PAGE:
Most Hackers Hack for 'Fun', Survey Suggests

Brandon Dimmel's picture

A new survey suggests that the majority of hackers carry out their work simply because they find it fun and thrilling. The survey also found that only a small portion of hackers do their work in pursuit of financial gain.

The survey was carried out by Washington-based security firm Thycotic, which asked hackers attending last week's Black Hat conference (held in Las Vegas, Nevada) what motivated them.

More than half of the respondents, or 51 per cent, said they hack for the "fun" and "thrill" of it. Just 19 per cent, or about one in five of the hackers surveyed, said they're in it for financial gain. Meanwhile, 29 per cent of the hackers said they hacked for "moral" reasons, suggesting they might identify with hacktivist groups like Anonymous. (Source:

Interestingly, only 1 per cent of the hackers surveyed said they hack for "notoriety", meaning few expect that their work will make them famous.

Few Hackers Worried About Getting Caught

Somewhat surprisingly, the vast majority (86 per cent) of the surveyed hackers said they "aren't worried about being caught" -- suggesting that law enforcement officials and digital security firms may not be having much of an impact on a growing population of international hackers.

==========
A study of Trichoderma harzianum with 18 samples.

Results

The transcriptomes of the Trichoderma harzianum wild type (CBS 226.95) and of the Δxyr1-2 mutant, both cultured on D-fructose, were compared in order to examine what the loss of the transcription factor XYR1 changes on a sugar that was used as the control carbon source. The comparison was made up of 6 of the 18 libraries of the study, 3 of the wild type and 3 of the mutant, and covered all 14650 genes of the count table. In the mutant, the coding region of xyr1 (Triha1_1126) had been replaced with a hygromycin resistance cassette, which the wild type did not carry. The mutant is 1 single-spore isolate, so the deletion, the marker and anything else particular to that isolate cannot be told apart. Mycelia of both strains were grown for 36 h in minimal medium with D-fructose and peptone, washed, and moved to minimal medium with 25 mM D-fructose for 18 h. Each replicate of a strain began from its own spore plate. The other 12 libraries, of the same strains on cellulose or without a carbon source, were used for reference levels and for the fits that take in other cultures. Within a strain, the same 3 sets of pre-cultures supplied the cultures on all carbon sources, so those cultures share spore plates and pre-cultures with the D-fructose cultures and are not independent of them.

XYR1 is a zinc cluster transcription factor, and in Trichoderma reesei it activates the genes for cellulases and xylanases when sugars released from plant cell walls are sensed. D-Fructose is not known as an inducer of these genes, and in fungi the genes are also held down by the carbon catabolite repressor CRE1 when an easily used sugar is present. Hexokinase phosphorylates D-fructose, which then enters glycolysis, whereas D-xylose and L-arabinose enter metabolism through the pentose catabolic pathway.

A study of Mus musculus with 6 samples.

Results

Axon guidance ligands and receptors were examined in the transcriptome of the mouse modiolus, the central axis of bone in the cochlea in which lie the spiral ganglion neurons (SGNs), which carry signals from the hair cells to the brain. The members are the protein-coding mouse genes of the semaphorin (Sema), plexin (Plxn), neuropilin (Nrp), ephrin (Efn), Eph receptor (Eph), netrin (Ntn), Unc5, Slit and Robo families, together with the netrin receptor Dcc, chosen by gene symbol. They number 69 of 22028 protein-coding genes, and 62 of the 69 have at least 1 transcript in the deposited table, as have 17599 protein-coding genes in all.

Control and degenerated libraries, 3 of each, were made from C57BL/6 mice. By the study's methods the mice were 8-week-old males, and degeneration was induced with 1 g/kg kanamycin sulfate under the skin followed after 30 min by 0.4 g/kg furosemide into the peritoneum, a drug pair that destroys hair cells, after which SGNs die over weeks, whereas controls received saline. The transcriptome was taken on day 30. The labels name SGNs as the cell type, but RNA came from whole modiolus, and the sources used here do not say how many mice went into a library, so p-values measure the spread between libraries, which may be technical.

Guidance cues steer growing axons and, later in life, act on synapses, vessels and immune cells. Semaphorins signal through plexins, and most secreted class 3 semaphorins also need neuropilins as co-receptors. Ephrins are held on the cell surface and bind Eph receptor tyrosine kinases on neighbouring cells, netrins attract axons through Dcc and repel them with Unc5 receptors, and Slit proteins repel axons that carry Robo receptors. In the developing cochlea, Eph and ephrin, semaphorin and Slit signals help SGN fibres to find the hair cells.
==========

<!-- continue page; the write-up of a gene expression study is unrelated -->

The survey also asked hackers how much of their personal data is vulnerable. The overwhelming response, according to Thycotic was that most "believe their own information is at risk."

Hackers Mostly Target Contractors, IT Administrators

When asked who they tend to target, many of the hackers pointed to contractors (40 per cent) or IT administrators (30 per cent). Others pointed to non-executive employees (16 per cent), executive administrators (8 per cent) and executives (6 per cent).

Experts suggest that hackers frequently target contractors and IT administrators because they're most likely to have direct access to servers and critical systems, giving hackers an easy way to acquire valuable data. (Source:

Finally, most hackers don't feel the general public is prepared for their attacks. Less than half said that users are learning to avoid hacking tactics, like phishing. In fact, Thycotic found that 99 per cent of hackers say "tactics like phishing are still effective."

What's Your Opinion?

Are you surprised that most of the surveyed hackers said they don't fear being caught, and that their primary motivation is simply for the thrill of it? Do you worry that the battle against hackers is being lost by IT administrators, law enforcement officials, and security companies?